Interim Government Installed in Egypt; Constitution Suspended

When Mohammad Morsi was sworn-in as President of Egypt on June 30, 2012, Western nations did not exactly know what to expect.  The Arab Spring of 2011 was widely viewed as a popular rejection of the authoritarian regimes that have persisted in the Middle East, and while then-”president” Mubarak’s resignation brought hope of a real democratic election, many Westerners saw it as unsettling that Egypt was likely to elect a well-known Islamist to the presidency.  Ultimately, it was the deep distrust between the Islamist Muslim Brotherhood, to which Morsi belonged to, and the secular opposition that made their democratic mandate of drafting a new constitution impossible.  The two sides fought over the significance of Islam in the new constitution as Morsi wanted to make a democratic constitution that used Muslim legal principles at its core and the secular population of Egypt felt uncomfortable with this.  Eventually, Morsi attempted to seize what many considered to be an excessive amount power to force his constitution into existence.  The Egyptian military then gave Morsi notice to either resign or be forcibly removed from office, and despite his resistance, Morsi was successfully detained and removed from office in July 2013.
Obviously, the issue is very complex and this is because of the history of tension and oppression in Egypt over the past two centuries.  Most recently, the Revolution of 1952 saw the military overthrowing the long-established monarchy only to establish their own authoritarian state that crushed dissent and promoted a secular society.  Nasser, the leader of the 1952 revolution, feared a state centered on religion and created a completely secular state and adhered to what he called “Arab Nationalism” that supplanted a value system based of Muslim values with one based on Arab values.  The parallels between the 1952 revolution and the 2013 outsting of Morsi appear to make the likelihood of true democracy flourishing in Egypt murky at best and we now have to wait and see as to what emerges from the dust.

Less than two years after its revolution against Hosni Mubarak, Egypt is already facing another debilitating national crisis.  On July 3, 2013, the Egyptian military overthrew democratically elected Mohamed Morsi and established the head of the Constitutional Court, Adli Mansour, as interim president.  Morsi’s ousting marks a year almost exactly since he was elected as the face of the newly formed government and the attempt to draft a new constitution.

When Mohammad Morsi was sworn-in as President of Egypt on June 30, 2012, Western nations did not exactly know what to expect.  The Arab Spring of 2011 was widely viewed as a popular rejection of the authoritarian regimes that have persisted in the Middle East, and while then-”president” Mubarak’s resignation brought hope of a real democratic election, many Westerners saw it as unsettling that Egypt was likely to elect a well-known Islamist to the presidency.  Ultimately, it was the deep distrust between the Islamist Muslim Brotherhood, to which Morsi belonged to, and the secular opposition that made their democratic mandate of drafting a new constitution impossible.  The two sides fought over the significance of Islam in the new constitution as Morsi wanted to make a democratic constitution that used Muslim legal principles at its core and the secular population of Egypt felt uncomfortable with this.  Eventually, Morsi attempted to seize what many considered to be an excessive amount power to force his constitution into existence.  The Egyptian military then gave Morsi notice to either resign or be forcibly removed from office, and despite his resistance, Morsi was successfully detained and removed from office in July 2013.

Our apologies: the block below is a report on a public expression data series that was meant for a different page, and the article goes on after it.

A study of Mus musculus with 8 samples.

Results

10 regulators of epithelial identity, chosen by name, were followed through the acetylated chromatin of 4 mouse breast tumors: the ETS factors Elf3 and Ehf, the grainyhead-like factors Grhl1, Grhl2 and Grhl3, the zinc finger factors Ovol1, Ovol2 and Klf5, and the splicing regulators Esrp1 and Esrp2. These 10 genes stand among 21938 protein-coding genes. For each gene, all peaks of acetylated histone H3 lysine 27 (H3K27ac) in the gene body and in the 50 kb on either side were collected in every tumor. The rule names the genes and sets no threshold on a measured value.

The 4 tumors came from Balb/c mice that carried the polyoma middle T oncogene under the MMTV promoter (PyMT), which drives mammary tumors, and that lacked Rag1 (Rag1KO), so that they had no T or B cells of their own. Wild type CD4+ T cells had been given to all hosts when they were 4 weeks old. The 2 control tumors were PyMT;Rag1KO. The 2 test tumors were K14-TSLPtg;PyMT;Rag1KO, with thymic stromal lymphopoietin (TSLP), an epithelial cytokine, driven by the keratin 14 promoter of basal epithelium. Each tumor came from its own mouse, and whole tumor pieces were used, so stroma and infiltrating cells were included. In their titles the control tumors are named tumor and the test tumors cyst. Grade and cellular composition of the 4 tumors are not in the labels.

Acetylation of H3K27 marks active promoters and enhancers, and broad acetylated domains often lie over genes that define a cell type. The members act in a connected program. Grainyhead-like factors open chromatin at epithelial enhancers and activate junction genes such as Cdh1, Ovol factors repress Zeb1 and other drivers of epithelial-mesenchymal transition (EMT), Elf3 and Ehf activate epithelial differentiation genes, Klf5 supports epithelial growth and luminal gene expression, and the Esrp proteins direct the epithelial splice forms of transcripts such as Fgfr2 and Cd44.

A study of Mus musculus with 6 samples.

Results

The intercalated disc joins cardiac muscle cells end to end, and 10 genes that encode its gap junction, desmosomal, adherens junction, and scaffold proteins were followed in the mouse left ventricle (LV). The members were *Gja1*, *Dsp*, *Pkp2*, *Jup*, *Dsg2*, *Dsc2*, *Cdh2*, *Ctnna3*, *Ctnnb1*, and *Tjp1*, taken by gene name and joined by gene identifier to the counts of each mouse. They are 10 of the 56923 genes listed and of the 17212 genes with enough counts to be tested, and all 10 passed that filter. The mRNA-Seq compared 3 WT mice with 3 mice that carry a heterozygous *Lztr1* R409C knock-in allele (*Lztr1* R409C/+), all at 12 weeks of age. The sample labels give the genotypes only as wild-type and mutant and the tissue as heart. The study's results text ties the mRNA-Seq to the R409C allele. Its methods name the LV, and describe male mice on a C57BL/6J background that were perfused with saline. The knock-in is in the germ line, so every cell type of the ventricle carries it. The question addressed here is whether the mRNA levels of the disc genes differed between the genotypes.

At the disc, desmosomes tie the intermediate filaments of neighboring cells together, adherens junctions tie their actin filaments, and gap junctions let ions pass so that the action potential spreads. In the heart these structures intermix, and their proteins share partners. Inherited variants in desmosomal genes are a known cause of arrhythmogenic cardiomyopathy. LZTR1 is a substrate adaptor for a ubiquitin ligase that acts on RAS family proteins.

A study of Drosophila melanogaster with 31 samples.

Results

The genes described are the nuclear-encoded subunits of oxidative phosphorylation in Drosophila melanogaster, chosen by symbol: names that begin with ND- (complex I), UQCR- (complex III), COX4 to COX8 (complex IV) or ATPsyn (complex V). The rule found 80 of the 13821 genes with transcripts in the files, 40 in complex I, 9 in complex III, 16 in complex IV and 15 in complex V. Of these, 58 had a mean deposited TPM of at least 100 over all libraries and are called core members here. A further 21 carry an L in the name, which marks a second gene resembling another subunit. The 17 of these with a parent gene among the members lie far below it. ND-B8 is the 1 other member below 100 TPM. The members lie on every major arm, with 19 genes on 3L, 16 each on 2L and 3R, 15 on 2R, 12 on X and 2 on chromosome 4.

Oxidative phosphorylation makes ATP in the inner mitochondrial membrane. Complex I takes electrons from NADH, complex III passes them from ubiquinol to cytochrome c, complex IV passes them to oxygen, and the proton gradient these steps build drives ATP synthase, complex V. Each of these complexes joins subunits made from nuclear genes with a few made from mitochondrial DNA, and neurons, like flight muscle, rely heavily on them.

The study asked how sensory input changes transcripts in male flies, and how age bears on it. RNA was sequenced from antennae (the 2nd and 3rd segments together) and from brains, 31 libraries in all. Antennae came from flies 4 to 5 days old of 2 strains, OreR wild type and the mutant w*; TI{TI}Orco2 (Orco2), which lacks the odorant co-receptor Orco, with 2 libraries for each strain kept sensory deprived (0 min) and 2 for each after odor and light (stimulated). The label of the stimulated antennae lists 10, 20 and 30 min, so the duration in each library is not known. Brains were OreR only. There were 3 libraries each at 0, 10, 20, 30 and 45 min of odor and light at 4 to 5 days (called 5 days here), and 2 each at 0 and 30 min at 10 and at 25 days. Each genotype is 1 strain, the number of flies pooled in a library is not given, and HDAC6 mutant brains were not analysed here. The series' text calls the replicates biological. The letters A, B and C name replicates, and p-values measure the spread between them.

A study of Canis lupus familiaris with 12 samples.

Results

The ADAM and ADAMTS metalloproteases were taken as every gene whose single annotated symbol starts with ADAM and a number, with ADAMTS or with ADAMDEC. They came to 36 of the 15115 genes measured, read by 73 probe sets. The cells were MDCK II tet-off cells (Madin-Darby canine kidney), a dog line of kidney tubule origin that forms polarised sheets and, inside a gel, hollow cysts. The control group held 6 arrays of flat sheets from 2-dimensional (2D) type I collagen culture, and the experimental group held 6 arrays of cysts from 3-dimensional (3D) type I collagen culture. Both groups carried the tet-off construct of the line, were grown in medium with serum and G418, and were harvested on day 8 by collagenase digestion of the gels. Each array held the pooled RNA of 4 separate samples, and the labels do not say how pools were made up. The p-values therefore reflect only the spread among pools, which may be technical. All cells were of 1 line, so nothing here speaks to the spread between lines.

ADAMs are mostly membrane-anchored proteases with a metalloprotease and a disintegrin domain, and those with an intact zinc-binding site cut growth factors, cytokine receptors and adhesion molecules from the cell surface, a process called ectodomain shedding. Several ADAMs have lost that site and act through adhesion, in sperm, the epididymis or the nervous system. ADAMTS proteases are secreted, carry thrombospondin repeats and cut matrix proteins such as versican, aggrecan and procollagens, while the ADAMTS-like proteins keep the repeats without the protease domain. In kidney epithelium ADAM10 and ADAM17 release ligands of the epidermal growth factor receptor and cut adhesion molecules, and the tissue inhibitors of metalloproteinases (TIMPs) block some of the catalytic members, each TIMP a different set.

Obviously, the issue is very complex and this is because of the history of tension and oppression in Egypt over the past two centuries.  Most recently, the Revolution of 1952 saw the military overthrowing the long-established monarchy only to establish their own authoritarian state that crushed dissent and promoted a secular society.  Nasser, the leader of the 1952 revolution, feared a state centered on religion and created a completely secular state and adhered to what he called “Arab Nationalism” that supplanted a value system based of Muslim values with one based on Arab values.  The parallels between the 1952 revolution and the 2013 outsting of Morsi appear to make the likelihood of true democracy flourishing in Egypt murky at best and we now have to wait and see as to what emerges from the dust.